If you haven’t heard of CRISPR, the short explanation goes like this: scientists have figured out how to exploit a quirk in the immune systems of bacteria to edit genes in other organisms including humans. It’s a powerful new tool with the ability to delete undesirable traits and add desirable traits in the target organism. For example, scientists have used it to treat deafness in mice, suggesting it could one day be used to treat hearing loss in people.
More shocking: in 2018, a scientist in China reported that he had created the twin girls resistant to HIV with CRISPR-edited genes. The announcement stunned scientists around the world. It also created more questions than it answered: Did Jiankui actually pull it off? Does he deserve praise or condemnation?
A panel of experts at MIT cast doubt on the veracity of the claim. Nevertheless, the prospect of such a creation seems more real now that we have this new technology. While the controversy brews, there are other CRISPR applications that are close to fruition, such as new disease therapies.
The function of CRISPR sequences was a mystery until 2007, when food scientists studying bacteria discovered that it’s part of the bacteria’s immune system. Bacteria are under constant assault from viruses. So, they must find ways to fight them off. Before the pandemic, scientists at MIT and Harvard were able to program CRISPR enzymes to target specific viruses such as those related to lung cancer, chopping them up to render them unable to affect other cells.
The real opportunities and risks come from the potential of using CRISPRs to edit various plants and animals. For example:
1) Edit crops to be more nutritious: CRISPR could be used to edit genes of crops to make them tastier or healthier or both. It could also be used, for example, to eliminate the allergens in peanuts.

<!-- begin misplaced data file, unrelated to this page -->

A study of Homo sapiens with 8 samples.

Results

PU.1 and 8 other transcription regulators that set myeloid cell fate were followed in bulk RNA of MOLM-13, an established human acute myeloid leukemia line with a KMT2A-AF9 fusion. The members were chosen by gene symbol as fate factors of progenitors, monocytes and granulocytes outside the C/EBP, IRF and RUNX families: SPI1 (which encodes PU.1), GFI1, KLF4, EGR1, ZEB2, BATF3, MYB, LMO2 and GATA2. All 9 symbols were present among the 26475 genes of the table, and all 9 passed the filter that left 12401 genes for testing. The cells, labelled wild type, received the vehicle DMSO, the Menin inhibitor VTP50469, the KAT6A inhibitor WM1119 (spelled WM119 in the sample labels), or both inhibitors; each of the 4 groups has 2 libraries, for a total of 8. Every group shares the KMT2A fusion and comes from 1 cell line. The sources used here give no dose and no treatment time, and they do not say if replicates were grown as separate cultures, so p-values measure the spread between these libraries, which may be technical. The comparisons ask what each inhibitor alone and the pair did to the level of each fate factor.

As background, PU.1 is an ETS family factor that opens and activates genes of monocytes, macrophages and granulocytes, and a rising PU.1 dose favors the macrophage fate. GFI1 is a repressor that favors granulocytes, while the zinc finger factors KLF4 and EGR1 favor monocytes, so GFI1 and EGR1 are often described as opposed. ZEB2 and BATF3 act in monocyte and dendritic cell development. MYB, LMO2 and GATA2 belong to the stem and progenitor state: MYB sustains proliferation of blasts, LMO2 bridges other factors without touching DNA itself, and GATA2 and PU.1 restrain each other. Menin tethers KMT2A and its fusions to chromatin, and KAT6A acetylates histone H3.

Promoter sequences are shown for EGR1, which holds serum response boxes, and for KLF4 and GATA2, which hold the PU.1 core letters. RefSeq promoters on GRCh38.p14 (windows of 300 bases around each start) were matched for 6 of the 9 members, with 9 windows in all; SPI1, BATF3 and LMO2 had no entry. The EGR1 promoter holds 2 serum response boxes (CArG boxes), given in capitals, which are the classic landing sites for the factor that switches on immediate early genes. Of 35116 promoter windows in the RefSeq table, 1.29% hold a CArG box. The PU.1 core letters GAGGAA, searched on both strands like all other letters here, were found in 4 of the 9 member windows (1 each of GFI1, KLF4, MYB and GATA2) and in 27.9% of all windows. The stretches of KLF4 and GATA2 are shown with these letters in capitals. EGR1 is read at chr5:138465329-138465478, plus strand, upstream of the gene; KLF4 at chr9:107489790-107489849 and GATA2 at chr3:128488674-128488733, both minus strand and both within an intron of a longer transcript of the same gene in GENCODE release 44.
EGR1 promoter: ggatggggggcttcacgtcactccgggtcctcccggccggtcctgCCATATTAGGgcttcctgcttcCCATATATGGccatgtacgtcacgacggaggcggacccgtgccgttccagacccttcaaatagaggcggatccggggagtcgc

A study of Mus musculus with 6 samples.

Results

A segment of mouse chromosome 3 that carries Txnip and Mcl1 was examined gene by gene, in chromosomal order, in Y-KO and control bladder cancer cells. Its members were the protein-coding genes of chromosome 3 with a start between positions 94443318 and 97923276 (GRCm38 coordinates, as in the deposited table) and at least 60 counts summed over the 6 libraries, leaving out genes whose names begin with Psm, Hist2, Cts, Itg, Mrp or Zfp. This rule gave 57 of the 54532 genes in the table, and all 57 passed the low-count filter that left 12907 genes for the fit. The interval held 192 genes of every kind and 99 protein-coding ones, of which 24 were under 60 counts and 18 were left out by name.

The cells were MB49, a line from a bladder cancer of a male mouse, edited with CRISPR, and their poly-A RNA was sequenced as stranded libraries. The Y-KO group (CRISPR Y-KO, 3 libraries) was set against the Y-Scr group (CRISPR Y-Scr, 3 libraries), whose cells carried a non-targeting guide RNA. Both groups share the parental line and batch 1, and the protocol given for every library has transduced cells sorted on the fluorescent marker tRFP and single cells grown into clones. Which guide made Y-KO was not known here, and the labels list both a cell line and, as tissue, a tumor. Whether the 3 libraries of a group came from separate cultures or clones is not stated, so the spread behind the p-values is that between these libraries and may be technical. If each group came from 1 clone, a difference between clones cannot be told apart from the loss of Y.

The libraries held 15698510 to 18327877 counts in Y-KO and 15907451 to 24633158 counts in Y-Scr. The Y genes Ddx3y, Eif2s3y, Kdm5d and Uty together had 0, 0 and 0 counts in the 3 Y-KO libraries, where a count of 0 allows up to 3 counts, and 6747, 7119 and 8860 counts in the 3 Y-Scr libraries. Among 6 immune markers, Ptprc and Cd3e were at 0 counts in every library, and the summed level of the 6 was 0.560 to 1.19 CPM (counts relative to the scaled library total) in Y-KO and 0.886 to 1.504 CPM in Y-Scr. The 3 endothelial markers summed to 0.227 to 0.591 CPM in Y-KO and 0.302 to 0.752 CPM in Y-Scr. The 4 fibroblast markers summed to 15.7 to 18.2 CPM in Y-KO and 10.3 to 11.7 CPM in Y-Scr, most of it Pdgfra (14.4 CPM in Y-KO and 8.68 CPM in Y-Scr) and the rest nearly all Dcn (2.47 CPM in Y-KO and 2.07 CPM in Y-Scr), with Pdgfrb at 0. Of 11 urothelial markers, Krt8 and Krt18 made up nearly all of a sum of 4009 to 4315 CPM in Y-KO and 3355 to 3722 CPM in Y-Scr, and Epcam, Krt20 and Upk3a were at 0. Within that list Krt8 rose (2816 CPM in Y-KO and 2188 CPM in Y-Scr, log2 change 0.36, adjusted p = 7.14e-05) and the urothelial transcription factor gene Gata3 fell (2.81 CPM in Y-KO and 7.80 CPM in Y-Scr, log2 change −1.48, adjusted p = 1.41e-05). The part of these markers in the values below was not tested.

2) New tools to stop genetic diseases: Scientists are using CRISPR to edit the human genome to eliminate genetic diseases.
3) New antibiotics and antivirals: We are running low on effective antibiotics as infections mutate to become more resistant. CRISPR could be used to make them more effective. As it develops it might also be used against rogue viruses like COVID-19 or Ebola.
4) Creating “designer babies”: This is the one that gets the most attention, and for good reason. There’s little reason to believe global governments could agree on what’s ethical in the use of CRISPR much less prevent unethical human experiments.
At a very basic level, we must answer the question: should we work to edit out genetic diseases and disability OR should we edit out traits that we deem undesirable?
So, naturally, I’ve decided to include an outcome of this potential development in my next book. Much like we create Labradoodles today, I imagine we can create hybrid humans with exaggerated traits like superhuman strength and fighting skills.
Watch for it – the sequel to The Awakening of Artemis is coming in 2022.